Hearts face UEFA ban if wages aren’t paid by end of December

Fraser Wishart

Fraser Wishart


Despite just one win in their last six games, Hearts are fifth in the SPL and remain in the running to win a place in the Europa Leaue next season. However, qualification could be annulled if the club were to breach UEFA rules on settling wages due to players and transfer fees due to fellow clubs by the end of the calendar year.

Hearts have competed in continental competition for five of the last nine campaigns but the prospect of a return to the European arena is in serious jeopardy if the players are not paid in the next three weeks.

“Under UEFA rules, clubs cannot owe monies to players or other clubs at the end of December,” explained Wishart. “Failure to deal with all outstanding football debt may result in the club being unable to play in Europe. UEFA will have to be informed of the wages debt.

“These are all steps no-one wishes to make. But it is clear, as workers with families, the players cannot continue to work much longer without any sign of being paid.”

Meanwhile, Wishart urged the SPL to wield their power in an effort to help the Hearts players, who have now waited more than three weeks to receive their November salary. Their December pay date looms in a week’s time.

PFA Scotland is of the understanding that the SPL has “the power of inquiry into financial arrangements between clubs and players within their current regulations”.

Wishart said: “The governing bodies have an obligation to the integrity of the game in this country and it is imperative that from this aspect our members are paid.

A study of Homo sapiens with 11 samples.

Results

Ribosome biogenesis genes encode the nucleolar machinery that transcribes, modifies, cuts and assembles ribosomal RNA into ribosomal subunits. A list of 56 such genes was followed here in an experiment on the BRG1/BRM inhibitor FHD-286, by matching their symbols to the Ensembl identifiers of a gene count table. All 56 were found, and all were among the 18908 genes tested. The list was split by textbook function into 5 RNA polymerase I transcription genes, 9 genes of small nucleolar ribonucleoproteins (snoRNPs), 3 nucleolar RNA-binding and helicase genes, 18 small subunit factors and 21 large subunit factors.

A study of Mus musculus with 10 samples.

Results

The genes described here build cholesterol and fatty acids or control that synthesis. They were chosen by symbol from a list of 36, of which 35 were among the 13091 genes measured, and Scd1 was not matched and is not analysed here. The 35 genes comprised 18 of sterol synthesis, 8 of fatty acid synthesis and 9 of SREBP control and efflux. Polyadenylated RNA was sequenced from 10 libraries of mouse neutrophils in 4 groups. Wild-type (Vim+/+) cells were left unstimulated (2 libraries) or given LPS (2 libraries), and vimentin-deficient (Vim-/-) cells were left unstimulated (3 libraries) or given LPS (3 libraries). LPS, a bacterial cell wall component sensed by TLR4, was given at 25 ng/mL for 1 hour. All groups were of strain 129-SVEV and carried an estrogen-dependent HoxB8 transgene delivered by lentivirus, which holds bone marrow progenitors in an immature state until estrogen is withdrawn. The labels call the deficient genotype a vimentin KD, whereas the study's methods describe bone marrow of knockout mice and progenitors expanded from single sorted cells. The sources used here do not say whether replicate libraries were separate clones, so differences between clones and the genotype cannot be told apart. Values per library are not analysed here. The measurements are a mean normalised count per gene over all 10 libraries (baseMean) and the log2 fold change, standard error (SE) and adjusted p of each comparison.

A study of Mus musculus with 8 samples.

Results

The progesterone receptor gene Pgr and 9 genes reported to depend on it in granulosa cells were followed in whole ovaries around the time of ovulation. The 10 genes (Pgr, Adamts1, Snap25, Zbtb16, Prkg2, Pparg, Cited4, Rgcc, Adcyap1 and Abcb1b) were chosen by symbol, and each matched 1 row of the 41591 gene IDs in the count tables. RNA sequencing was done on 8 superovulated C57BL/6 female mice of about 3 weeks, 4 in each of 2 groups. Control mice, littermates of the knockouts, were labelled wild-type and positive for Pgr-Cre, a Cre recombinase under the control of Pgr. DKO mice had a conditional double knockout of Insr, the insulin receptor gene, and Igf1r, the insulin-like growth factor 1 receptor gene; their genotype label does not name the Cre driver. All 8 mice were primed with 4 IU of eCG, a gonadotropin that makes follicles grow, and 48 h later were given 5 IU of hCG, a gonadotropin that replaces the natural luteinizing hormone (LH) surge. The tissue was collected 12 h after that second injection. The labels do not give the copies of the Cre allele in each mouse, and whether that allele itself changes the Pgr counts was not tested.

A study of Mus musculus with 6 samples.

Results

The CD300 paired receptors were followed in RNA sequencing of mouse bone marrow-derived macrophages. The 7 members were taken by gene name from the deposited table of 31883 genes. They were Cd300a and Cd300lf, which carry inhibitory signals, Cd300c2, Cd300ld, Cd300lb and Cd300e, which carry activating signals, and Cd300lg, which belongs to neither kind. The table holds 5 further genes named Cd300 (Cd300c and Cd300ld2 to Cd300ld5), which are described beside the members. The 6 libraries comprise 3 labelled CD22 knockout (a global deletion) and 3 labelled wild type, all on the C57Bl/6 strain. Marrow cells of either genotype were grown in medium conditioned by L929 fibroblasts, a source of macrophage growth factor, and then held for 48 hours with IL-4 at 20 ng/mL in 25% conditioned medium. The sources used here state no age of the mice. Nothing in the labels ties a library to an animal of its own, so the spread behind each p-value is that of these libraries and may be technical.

“Players sign standard contracts which are registered with the governing bodies. As part of this contract players also have to adhere to the registration processes put in place by the governing bodies.

“The governing bodies also adjudicate upon any disputes and are responsible. There is therefore a care of duty to ensure that these very contracts are being honoured.”

Last night, representatives of the SPL stressed the governing body will not become involved in the dispute unless a complaint is made. A statement read: “Under the standard SPL player’s contract, the SPL has the power to adjudicate on any complaint made by a player or players. To date, no such complaint has been received in relation to any Hearts player.

“Any appeal against an adjudication by the SPL would be heard by the SFA. While the SPL and SFA have the utmost sympathy for any player not being paid, it would be inappropriate to meet with the players. To do so risks prejudicing any case that might be heard.”